Maria Popova pulls out this timeless classic by James Thurber & EB White:
“By and large, love is easier to experience before it has been explained — easier and cleaner.”
and another excerpt:
Let us say you have sat down to write a letter to your lady. There has been a normal amount of preparation for the ordeal, such as clearing a space on the desk … and the normal amount of false alarms, such as sitting down and discovering that you have no cigarettes. (Note: if you think you can write the letter without cigarettes, it is not love, it is passion.) Finally you get settled and you write the words; “Anne darling.” If you like commas, you put a comma after “darling”; if you like colons, a colon; if dashes, a dash. If you don’t care what punctuation mark you put after “darling,” the chances are you are in love — although you may just be uneducated, who knows?
Alexander Dumas on the three kinds of hunger, three kinds of gluttony & the perfect number of dinner guests. You won’t be disappointed! [via Brainpickings]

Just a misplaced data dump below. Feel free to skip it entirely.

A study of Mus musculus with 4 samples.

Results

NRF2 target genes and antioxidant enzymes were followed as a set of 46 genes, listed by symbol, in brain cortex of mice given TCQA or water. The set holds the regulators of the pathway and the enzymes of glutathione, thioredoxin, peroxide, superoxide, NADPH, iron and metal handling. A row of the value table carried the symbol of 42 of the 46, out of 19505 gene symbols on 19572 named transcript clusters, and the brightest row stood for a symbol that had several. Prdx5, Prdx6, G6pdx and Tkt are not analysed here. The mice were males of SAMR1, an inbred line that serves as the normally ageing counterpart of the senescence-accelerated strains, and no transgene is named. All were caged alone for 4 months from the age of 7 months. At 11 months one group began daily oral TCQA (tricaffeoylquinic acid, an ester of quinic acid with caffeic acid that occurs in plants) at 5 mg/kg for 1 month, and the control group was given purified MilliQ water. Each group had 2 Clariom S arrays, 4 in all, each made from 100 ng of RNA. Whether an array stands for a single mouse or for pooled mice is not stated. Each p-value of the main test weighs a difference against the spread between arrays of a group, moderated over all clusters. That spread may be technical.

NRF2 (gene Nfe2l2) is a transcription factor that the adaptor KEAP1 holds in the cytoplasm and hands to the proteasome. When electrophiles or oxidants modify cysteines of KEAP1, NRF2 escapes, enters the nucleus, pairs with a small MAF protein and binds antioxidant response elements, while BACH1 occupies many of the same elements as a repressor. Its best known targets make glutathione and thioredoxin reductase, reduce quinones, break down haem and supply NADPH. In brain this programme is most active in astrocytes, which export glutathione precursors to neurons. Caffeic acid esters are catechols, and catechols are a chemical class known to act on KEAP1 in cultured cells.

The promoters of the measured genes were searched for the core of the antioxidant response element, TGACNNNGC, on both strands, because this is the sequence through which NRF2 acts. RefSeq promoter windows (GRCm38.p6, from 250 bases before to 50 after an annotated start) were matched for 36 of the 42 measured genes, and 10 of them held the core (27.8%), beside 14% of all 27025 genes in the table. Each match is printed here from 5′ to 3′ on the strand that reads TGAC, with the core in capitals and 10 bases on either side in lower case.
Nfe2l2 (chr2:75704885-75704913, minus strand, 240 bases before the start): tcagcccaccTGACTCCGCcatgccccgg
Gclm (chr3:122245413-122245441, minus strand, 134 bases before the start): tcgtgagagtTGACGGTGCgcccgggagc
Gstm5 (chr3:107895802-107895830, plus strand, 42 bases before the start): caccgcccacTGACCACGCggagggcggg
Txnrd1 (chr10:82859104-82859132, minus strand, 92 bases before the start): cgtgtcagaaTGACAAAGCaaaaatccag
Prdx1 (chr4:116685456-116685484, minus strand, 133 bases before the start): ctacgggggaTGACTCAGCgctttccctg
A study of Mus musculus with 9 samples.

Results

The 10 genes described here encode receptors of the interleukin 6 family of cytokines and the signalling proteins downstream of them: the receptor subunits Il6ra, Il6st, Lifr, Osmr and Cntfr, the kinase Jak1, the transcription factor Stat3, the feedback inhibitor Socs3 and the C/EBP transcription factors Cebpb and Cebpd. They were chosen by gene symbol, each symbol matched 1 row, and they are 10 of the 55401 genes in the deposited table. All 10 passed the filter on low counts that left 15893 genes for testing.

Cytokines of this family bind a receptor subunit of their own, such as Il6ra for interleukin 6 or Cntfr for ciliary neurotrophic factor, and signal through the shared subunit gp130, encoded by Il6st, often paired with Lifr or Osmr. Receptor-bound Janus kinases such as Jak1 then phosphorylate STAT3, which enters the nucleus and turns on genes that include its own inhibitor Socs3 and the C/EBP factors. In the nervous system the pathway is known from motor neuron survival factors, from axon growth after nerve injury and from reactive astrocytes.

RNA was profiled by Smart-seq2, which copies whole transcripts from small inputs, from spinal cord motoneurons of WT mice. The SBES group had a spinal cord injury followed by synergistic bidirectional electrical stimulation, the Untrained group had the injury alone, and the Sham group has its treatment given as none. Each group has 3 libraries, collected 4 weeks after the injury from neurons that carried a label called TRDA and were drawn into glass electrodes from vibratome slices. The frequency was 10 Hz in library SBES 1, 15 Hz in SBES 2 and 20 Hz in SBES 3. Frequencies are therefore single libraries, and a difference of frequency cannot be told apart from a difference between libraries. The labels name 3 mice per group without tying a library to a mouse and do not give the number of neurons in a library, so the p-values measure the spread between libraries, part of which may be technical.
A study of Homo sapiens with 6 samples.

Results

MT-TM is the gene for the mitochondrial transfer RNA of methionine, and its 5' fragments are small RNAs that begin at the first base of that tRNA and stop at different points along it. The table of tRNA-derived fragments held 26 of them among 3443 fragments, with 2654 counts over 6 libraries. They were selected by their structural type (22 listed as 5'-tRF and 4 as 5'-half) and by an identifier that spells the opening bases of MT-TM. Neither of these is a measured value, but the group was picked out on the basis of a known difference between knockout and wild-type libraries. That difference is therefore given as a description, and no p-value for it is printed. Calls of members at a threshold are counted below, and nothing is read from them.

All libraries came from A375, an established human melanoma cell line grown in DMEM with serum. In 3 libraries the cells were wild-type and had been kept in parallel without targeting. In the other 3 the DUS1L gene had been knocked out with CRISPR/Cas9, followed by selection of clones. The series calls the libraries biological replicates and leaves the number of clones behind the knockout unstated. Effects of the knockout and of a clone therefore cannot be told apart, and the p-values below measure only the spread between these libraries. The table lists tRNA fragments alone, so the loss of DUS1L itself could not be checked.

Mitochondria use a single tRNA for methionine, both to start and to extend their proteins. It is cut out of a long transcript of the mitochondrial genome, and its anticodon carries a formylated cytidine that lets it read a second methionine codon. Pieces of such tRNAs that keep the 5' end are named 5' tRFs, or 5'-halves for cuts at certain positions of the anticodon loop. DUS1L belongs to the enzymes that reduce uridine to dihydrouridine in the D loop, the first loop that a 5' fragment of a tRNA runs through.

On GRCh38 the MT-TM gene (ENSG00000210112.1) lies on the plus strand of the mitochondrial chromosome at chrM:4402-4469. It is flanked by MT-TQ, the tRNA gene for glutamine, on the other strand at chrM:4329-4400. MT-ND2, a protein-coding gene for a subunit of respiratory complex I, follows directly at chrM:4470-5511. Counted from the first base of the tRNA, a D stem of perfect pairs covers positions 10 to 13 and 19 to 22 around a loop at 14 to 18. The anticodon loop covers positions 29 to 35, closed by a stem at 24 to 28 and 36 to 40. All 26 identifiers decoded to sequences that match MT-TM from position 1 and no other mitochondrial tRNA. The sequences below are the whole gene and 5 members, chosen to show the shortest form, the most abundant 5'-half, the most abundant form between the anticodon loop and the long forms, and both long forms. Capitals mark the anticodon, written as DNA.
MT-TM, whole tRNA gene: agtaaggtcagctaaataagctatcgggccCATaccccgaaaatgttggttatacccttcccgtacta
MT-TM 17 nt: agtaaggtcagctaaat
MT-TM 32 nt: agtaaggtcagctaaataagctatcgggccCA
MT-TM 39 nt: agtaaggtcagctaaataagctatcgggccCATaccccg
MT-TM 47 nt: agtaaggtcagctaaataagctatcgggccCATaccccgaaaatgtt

Few would disagree that Einstein knew what he was talking about. Maria Popova discovers a letter he wrote his 11 year old son with some advice
“That is the way to learn the most, that when you are doing something with such enjoyment that you don’t notice that the time passes.”
Fyodor Dostoyevsky wrote “If one wanted to crush and destroy a man entirely, to mete out to him the most terrible punishment … all one would have to do would be to make him do work that was completely and utterly devoid of usefulness and meaning.” Maria Popova shares the wisdom on How to find fulfilling work by the philosopher Roman Krznaric (a prize if you can pronounce that on the first try!)
…The message of the ‘grin and bear it’ school of thought is that we need to accept the inevitable and put up with whatever job we can get, as long as it meets our financial needs and leaves us enough time to pursue our ‘real life’ outside office hours. The best way to protect ourselves from all the optimistic pundits pedaling fulfillment is to develop a hardy philosophy of acceptance, even resignation, and not set our hearts on finding a meaningful career. I am more hopeful than this, and subscribe to a different approach, which is that it is possible to find work that is life-enhancing, that broadens our horizons and makes us feel more human.